KNOXVILLE — A federal judge in Knoxville has found a more aggressive cutting of trees along TVA power transmission lines is legal.
The Knoxville News Sentinel reported U.S. District Judge Tom Varlan filed an order of summary judgment on July 23 against a petition by plaintiffs who sued the federal utility.
“He pretty much blew us out of the water,” plaintiff Vance Sherwood said of the judge’s ruling.
An appeal is being considered, Sherwood said.
The lawsuit came after TVA decided to remove any tree that could grow to more than 15 feet tall under power lines in a West Knoxville neighborhood. TVA plans to use the same standard along all of its 15,900 miles of transmission lines.
TVA spokesman Travis Brickey said Monday the ruling and a similar one earlier this year support the utility’s ability to provide reliable electric service to its customers.
The plaintiffs are residents of the Westminster Place subdivision who filed suit against the Tennessee Valley Authority in the spring of 2012 after the utility announced it would cut trees there in accordance with a stricter standard of maintaining easements under its high-tension power transmission lines.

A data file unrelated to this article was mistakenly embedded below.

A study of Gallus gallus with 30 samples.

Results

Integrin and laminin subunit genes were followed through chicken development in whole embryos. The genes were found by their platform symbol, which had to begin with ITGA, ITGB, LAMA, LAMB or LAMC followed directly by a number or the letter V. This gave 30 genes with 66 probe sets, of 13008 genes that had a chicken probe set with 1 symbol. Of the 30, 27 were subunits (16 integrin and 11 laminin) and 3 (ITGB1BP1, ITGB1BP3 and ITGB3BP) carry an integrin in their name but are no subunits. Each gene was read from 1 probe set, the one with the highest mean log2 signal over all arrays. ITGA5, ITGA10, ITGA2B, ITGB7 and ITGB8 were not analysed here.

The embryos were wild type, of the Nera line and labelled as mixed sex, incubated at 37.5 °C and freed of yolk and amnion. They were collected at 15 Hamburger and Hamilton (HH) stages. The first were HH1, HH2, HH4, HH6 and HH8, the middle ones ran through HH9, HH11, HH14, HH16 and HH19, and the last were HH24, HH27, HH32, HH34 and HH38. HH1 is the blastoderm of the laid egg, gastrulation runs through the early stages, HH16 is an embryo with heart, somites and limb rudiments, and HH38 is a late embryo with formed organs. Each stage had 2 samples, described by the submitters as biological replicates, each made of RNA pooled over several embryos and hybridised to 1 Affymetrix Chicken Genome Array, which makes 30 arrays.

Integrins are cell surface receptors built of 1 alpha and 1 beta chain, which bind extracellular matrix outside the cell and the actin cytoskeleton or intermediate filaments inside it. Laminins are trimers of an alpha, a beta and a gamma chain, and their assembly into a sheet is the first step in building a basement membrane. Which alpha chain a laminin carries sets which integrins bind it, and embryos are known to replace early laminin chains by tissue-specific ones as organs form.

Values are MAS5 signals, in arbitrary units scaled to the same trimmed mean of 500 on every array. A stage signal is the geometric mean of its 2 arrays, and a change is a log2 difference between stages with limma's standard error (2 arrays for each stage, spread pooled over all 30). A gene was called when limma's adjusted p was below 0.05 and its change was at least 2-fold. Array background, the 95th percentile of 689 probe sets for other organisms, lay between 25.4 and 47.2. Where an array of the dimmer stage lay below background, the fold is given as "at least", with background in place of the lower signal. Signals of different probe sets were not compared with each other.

“One thing I will say for TVA —they didn’t cut while we were in court, and that is fair and I appreciate that,” Sherwood said. “Now, we are trying to figure out the best way to get them to postpone that cutting further.”
The plaintiffs presented several issues, but Varlan has dismissed all of their claims except one — whether the more aggressive tree trimming required an environmental review.
The ruling this month closed the case. Varlan concluded no such review is required.
In the 29-page ruling, the court found TVA must do certain environmental evaluations, but concluded the utility appears to have done those, and the law does not specifically require TVA to prepare an environmental impact statement.
“The federal court ruling affirms TVA’s vegetation management program to manage trees and plants underneath thousands of miles of high voltage transmission lines,” reads a statement from TVA. “Earlier this year, the court also upheld TVA’s rights to cut trees and remove vegetation within previously purchased easements.”